The irony of life. I have never understood this cliché more so than I do today.
As I celebrate the beautiful birth of our third child, I find myself simultaneously having to grieve the painful loss of my loving father. Countless times I’ve heard people’s consoling words: “He is in a much better place today.” While I appreciate the sympathy and I know in my heart that it is true, it can’t erase the hurtful picture in my mind of my father never having been able to hold his newest grandchild in his arms.
Our children are far too young to know the kind of man my father was. And decades from now, they will read about him in history, and history may unfortunately offer them an unfaithful picture of who and what he truly was.
So I muster the strength to pen this remembrance to share a glimpse of the Iggy Arroyo I knew. Because, in spite of and contrary to what had been said and written about him, he was a good man and a great father. He deserves the legacy of loving memories, not a tainted reputation that, to this day, remains unproven and unjustified.
My father had an indescribable spirit of hopefulness. On one hand, that quality of hope he possessed was so idealistic; it was almost naïve. On the other, it was also unrelenting. I could not deny the admirable wisdom displayed by his resolve.
It was this optimism and faith in God that got him to where he was and kept him resilient during the most trying times, whether personally or professionally. To the end, they provided him the comfort, confidence and peace of knowing that everything would be all right. In the countless times I’d run to him and cried over what I now realize were trivial problems, he always comforted me by saying he was there for me and that we had each other.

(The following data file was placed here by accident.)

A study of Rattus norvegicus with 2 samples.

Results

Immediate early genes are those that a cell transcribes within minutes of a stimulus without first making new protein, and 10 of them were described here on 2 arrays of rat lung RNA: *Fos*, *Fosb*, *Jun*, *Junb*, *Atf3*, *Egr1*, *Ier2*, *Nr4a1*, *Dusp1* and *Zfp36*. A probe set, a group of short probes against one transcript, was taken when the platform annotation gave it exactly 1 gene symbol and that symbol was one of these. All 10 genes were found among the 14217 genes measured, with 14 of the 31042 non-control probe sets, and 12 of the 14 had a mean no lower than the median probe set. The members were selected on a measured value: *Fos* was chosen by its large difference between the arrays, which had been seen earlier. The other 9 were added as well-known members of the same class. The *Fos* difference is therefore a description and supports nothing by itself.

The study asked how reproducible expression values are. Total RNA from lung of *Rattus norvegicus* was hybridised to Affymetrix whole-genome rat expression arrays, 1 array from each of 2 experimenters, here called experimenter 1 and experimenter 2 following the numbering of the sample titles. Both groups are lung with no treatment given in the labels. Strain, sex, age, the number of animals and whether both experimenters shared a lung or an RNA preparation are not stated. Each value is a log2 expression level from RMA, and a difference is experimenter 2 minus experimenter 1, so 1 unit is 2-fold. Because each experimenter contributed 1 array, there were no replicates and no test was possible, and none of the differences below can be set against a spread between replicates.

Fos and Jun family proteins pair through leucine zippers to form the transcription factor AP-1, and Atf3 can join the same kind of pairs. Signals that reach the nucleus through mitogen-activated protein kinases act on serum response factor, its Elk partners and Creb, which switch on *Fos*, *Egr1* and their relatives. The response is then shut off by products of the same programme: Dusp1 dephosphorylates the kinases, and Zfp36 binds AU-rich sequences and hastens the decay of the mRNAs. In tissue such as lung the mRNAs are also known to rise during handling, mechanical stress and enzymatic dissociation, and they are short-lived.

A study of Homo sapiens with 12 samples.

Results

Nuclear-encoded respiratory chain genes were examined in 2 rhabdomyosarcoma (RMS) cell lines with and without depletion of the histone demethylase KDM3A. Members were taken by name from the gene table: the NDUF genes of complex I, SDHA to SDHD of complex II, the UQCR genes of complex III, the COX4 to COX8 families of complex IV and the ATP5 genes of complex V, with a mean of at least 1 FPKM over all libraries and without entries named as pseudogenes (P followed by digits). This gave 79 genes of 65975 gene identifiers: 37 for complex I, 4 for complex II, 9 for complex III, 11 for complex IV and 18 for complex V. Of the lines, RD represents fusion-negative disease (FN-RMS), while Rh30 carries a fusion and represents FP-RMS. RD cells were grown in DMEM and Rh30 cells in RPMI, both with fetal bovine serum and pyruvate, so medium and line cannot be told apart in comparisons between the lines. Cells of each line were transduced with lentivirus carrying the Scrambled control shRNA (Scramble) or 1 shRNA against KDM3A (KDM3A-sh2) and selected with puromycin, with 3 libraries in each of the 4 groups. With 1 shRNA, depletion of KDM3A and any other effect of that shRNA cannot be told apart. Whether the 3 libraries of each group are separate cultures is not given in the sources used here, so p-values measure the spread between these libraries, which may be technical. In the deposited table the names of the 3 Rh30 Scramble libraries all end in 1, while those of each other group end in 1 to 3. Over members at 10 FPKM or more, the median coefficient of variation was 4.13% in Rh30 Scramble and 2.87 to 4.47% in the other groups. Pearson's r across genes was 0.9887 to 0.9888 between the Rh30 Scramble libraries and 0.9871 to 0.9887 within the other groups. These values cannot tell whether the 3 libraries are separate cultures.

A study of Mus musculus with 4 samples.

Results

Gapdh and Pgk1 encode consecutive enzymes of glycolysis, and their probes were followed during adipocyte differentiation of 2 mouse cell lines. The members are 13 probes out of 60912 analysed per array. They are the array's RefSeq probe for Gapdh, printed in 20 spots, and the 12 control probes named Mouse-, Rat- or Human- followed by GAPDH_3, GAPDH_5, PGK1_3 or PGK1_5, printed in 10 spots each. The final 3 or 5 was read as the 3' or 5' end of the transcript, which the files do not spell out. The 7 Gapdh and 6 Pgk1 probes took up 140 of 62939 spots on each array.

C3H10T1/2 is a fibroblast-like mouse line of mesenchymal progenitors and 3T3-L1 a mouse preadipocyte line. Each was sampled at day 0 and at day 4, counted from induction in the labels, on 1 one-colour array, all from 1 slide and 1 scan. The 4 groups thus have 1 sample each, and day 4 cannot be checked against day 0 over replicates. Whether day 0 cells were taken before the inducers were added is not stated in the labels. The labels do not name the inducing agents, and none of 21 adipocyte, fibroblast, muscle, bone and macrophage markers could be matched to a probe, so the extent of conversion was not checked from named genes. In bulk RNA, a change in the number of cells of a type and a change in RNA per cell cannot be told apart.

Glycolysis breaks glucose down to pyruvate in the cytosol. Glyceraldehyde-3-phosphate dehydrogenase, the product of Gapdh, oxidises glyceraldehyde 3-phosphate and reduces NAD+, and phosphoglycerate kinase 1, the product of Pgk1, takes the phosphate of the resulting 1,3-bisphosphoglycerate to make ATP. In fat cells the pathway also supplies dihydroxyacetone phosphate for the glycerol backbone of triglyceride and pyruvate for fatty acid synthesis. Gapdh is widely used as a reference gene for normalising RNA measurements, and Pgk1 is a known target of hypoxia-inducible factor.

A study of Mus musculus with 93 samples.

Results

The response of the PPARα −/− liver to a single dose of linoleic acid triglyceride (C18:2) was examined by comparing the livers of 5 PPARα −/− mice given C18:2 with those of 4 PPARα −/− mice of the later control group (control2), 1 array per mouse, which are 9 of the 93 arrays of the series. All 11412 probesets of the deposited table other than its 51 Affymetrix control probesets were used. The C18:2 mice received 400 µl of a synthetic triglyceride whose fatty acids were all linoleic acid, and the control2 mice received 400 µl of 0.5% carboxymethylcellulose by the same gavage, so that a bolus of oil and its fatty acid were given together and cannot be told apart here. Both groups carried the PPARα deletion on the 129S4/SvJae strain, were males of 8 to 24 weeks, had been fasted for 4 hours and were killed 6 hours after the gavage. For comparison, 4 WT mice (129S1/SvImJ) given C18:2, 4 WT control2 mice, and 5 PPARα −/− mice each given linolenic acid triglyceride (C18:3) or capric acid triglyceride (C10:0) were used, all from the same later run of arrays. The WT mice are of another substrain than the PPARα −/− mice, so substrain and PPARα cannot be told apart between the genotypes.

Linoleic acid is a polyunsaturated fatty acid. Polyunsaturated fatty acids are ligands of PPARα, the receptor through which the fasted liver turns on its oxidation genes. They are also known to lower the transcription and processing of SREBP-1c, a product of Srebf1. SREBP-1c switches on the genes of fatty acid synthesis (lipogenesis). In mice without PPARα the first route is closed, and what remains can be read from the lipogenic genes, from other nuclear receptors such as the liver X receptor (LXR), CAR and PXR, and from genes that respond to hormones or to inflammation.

Calm and collected
To me, there was no problem my father could not solve. Any problem taken to him, he would have the answer. He instilled in us patience and understanding in facing life’s complexities. And through his own manner of constantly being calm and collected, we learned the value of perspective.
He always taught us the significance of rising above situations. My father had gone through many low points in his life, but had been able to bounce back with a better lease on life. He always said we would be able to survive through hard and honest work. He trained us to be self-sufficient; he was strict at times, but only so we wouldn’t be spoiled children.
He was a true lover of life. He embraced every moment and immersed himself in it thoroughly. He was extremely sentimental that way. I remember this little habit he had. Whenever he would go on a trip and we weren’t with him, he would send a postcard saying he missed us and that he wished we were there to enjoy the world with him.
He always told us that money and possessions are worldly things you cannot take to the grave, which is why he wanted to create as many memories as possible. If he had had his way, he would have spent every day with his kids and grandkids playing at home or taking walks. At times, we didn’t even have to talk at all. Just being together watching television was enough. To us, those were priceless moments.
He was a charismatic gentleman who loved to make light of every situation with a joke or two because he liked seeing people happy. His easygoing nature comforted everyone and drew everyone to his side. Frequently, we would question his entry into politics. But my father wanted to serve. He truly loved the people of Negros Occidental whom he served.
In Congress, he stood for issues he sincerely believed in. He advocated against child pornography and for the establishment of drug rehabilitation centers, and emphasized the significance of sustainable development. Yet, throughout his service, he remained humble and respectful, knowing his achievements were not his but for the people he served.
If I could sum up what my father was like, I would say that he was full of love. One thing we as his family will always remember is how well he loved us, and how good that love made us feel.
And the saddest thing about his leaving us is that my baby will never experience that with him.